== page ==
5 Ways To Plan Now for a Possible Economic Downturn

Shot of a young couple planning their budget together at home.


Mobile finance tracking apps such as Mint and Simplifi — and likely your bank and credit card providers — use simple charts and other visual aids to reveal the categories that account for most of your monthly spending.

With economic trouble looming on the horizon, it’s now more important than ever to take a moment at the end of each month and look back in your budget for opportunities to trim the fat. One of the best ways you can cut spending, for example, is by eating at home.


Economic downturns bring higher unemployment rates and more people competing for fewer jobs. By building up a side hustle now, you can develop an alternative income stream in case your job becomes a casualty of an impending recession — and you can amass a financial cushion while you’re still employed.

“A side hustle can help you to build up your savings,” said Oscar Rodriguez, a financial blogger and founder of OssieRodriguez.com. “When you have extra money coming in from a side hustle, you can funnel it into a savings account or use it to pay down debt. This can leave you in a much better financial position if you encounter an unexpected expense or job loss.”

Concentrate on Paying Off Higher-Interest Debt

When things are good and the economy is expanding, experts often recommend the snowball debt repayment method. That’s when you concentrate on paying your smallest debt first to score an easy win, then move up to the next smallest amount of debt, and so on.

When the market turns south and the economy begins to contract, however, you should reverse course and use the avalanche method. This strategy puts every available dollar into paying down the debt with the highest interest rate while paying only the minimum on all your others — and so on.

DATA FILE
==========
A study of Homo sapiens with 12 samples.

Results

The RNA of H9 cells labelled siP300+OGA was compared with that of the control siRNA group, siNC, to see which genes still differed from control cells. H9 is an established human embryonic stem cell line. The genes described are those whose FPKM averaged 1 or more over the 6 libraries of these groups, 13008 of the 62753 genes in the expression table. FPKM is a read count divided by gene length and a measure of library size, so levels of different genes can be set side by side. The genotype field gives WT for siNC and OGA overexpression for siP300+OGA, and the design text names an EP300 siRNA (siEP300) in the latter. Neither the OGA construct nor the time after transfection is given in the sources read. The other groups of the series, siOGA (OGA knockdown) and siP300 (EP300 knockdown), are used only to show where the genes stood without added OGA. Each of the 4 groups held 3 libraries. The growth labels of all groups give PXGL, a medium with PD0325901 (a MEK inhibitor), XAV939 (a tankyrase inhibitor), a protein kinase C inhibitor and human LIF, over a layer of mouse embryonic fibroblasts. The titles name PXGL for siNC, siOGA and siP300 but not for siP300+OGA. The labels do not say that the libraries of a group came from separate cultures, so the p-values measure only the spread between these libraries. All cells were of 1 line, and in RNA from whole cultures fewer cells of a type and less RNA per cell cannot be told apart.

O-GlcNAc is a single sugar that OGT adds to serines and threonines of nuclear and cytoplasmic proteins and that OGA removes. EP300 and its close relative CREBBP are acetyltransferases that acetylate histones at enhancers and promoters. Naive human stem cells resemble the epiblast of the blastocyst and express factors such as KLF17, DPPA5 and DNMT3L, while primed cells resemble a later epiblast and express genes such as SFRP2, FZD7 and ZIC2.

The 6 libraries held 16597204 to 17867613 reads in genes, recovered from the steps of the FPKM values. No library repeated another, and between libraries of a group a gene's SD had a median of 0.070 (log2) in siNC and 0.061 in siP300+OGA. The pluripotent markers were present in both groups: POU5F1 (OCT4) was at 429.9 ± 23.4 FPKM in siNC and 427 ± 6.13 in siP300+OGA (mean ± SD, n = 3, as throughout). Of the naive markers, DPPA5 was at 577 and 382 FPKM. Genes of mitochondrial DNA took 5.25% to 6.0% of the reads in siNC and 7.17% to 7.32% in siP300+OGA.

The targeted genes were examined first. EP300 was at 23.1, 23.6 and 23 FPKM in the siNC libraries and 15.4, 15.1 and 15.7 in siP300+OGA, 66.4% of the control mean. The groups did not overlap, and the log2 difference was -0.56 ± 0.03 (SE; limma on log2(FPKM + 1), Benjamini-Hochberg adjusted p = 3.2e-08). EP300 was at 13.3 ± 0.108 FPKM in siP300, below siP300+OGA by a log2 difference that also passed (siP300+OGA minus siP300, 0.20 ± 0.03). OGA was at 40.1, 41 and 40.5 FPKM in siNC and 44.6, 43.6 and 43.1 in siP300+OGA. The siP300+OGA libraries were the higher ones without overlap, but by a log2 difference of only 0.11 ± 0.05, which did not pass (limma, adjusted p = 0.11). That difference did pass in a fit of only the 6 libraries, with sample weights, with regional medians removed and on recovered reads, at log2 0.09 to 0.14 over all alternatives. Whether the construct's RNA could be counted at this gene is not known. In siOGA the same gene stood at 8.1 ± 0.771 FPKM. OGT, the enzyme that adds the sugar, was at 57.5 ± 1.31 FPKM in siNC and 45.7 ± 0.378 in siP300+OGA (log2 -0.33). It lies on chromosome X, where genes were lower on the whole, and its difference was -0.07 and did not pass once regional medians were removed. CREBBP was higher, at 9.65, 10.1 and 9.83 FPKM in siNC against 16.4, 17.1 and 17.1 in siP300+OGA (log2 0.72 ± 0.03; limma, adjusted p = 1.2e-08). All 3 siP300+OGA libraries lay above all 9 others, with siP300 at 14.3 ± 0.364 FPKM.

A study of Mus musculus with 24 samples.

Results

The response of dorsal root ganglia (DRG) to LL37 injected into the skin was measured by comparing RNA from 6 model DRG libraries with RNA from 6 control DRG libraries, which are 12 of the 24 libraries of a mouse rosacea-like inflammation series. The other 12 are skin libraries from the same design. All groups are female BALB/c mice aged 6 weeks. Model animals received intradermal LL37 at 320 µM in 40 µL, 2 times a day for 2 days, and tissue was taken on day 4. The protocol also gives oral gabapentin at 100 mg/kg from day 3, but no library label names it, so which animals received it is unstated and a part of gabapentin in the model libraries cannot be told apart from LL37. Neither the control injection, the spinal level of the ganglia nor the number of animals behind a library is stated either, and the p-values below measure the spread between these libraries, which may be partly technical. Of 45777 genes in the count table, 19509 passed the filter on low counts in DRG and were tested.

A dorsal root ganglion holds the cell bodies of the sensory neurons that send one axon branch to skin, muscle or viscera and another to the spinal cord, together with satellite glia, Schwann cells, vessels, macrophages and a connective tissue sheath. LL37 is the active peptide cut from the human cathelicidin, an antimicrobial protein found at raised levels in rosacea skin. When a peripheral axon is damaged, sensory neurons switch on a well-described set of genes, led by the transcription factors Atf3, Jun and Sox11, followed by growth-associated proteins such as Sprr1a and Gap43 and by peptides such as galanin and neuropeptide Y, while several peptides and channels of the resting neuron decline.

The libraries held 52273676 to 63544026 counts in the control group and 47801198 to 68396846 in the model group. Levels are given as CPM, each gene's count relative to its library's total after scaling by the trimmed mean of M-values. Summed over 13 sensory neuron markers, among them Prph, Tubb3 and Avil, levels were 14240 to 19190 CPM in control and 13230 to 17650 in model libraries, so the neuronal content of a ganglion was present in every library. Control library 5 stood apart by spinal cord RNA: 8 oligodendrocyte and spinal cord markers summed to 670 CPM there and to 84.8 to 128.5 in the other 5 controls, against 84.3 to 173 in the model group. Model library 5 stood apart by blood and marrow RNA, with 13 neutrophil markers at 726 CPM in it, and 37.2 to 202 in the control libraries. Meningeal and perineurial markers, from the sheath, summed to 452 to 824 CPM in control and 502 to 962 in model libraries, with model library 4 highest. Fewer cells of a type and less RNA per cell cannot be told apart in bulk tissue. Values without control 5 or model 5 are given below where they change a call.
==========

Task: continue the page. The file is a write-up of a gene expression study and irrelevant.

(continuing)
Sell Your Unused Stuff

Yard sales gave generations of people the simultaneous benefits of collecting cash while decluttering — and you can do the same without strangers traipsing around your property at 5 in the morning.

If you have designer or luxury clothing and accessories, give resale apps such as Poshmark or Tradesy a try.

Nextdoor and OfferUp are excellent choices for selling stuff fast to local buyers without having to worry about shipping. Meta Marketplace and CPlus for Craigslist can put your stuff in front of millions of potential buyers from across the country and the world. If you’re offloading a big-ticket item like a pool table, eBay is probably still your best bet.

Search Out Community or Government Resources

If you’re already financially struggling, some programs and organizations can help you survive the coming downturn. USA.gov is a good place to start looking for them. A website maintained by the federal government, it’s filled with information on finding assistance with paying your rent or mortgage, buying food, paying for broadband, avoiding default on student loans, avoiding homelessness and paying for funerals.

USA.gov also has information on programs like the Supplemental Assistance Nutrition Program (SNAP or food stamps), Medicaid, the Children’s Health Insurance Program (CHIP) and Temporary Assistance for Needy Families (TANF, or welfare).



Andrew Lisa has been writing professionally since 2001. An award-winning writer, Andrew was formerly one of the youngest nationally distributed columnists for the largest newspaper syndicate in the country, the Gannett News Service. He worked as the business section editor for amNewYork, the most widely distributed newspaper in Manhattan, and worked as a copy editor for TheStreet.com, a financial publication in the heart of Wall Street's investment community in New York City.